Cox details LTE tests, but highlights limitations
BARCELONA, Spain--Cable vendor Cox Communications tested LTE network technology on both its AWS and 700 MHz spectrum in Phoenix and San Diego, and has recorded peak speeds in the range of 25 Mbps. However, Stephen Bye, Cox's vice president of wireless services, described wireless as "complementary" to the MSO's wired network and explained that LTE will never handle the traffic loads that fully wired Internet users generate.
Cox announced the LTE trials--running on kit from Alcatel-Lucent and Huawei--in January. But during a presentation today here at the Mobile World Congress trade show, Bye offered a far more detailed look at the results of the trial--and highlighted what the findings mean for the cable vendor's efforts to build a wireless component in addition to its wired telecom efforts.
Bye said Cox's LTE trials showed peak speeds of around 25 Mbps with 2x2 MIMO technology over a 2x5 MHz channel in the carrier's AWS spectrum. However, those speeds were for a single user very close to the cell site. On the cell edge, that same single user would only get around 10 Mbps, according to Cox's tests. Multiple users on the cell edge would see far slower speeds.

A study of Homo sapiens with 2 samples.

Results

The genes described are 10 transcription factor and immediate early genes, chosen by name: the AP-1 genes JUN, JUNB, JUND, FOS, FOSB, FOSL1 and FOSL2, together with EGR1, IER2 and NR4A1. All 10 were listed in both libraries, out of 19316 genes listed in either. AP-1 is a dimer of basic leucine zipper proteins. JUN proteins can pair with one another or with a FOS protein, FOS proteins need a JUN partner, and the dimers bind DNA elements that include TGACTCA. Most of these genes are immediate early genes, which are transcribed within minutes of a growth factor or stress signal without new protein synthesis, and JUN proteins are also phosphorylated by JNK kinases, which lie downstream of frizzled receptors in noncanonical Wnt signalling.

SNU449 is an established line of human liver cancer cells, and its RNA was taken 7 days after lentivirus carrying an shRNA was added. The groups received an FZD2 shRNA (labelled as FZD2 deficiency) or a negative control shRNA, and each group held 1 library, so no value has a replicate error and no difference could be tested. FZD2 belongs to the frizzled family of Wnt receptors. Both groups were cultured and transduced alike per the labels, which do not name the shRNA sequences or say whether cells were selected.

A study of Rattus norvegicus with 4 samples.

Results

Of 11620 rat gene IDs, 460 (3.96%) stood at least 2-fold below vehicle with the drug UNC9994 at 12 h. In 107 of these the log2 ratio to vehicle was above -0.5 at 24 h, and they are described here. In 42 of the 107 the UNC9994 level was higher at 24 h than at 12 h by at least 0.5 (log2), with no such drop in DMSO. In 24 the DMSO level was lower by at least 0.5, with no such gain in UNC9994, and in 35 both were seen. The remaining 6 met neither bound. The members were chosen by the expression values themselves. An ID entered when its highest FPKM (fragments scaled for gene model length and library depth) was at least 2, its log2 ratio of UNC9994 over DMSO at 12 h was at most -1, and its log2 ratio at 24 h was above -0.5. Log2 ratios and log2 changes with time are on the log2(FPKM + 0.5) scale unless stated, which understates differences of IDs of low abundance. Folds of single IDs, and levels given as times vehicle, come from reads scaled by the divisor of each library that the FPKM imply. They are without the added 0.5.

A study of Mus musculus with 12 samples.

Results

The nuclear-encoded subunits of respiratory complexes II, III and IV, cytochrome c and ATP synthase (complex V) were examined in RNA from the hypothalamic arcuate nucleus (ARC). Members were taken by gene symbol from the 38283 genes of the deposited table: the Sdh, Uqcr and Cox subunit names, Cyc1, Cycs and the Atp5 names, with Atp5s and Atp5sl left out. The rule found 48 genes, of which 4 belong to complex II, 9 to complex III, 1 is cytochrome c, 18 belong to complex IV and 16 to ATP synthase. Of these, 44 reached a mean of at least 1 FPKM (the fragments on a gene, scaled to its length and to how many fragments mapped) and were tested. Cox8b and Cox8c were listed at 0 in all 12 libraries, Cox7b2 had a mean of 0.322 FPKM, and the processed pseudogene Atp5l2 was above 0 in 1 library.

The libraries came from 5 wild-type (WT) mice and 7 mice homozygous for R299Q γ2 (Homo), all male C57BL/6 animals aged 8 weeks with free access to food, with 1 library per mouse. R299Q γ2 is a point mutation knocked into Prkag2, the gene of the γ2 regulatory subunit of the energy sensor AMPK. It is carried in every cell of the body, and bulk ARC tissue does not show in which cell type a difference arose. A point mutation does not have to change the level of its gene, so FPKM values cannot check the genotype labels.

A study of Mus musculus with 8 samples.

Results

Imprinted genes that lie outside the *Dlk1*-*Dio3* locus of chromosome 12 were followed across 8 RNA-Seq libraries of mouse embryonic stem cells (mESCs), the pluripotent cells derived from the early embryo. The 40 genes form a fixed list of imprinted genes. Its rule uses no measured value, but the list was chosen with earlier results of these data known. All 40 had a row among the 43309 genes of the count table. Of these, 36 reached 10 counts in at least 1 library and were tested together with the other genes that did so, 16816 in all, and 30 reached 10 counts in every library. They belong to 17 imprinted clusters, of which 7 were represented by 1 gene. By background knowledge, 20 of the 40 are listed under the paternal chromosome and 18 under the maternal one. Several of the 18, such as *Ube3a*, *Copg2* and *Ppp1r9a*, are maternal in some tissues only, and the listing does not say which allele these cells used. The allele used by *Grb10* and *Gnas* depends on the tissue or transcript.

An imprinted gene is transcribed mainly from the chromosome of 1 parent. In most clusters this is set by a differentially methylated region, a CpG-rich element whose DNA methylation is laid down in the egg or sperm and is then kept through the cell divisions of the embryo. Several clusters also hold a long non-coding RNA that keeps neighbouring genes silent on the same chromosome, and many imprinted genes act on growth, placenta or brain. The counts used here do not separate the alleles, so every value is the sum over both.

To put those numbers into perspective, Bye said Cox's wired Internet subscribers average around 8 GB per month of data use, and the top 1 percent carrier's most active wired Internet users access 200 GB of data per month (those users enjoy wired Internet speeds of up to 50 Mbps, he said). Bye said Cox has witnessed a 200 percent growth rate in 12 months in its customers' wired Internet usage.
"There is an insatiable appetite out there" for data, Bye said. "Clearly, there's not a good solution to deliver that capacity to users with wireless."
He added: "At the end of the day, that tonnage has to go over a wired connection."
Cox has so far focused its wireless efforts on the launch of its CDMA EV-DO 3G network, which it has been building out in AWS spectrum. Cox is currently running three test markets that leverage Sprint Nextel's CDMA network. When Cox launches its own network, Sprint will be one of its roaming partners. Earlier this month Cox rolled out a teaser advertising campaign for the network, which is expected to be formally launched in March.
In the United States, Verizon Wireless has taken the LTE lead and plans to commercially offer the service in 25-30 markets this year, covering 100 million POPs. The carrier has promised average LTE download speeds of 5-12 Mbps.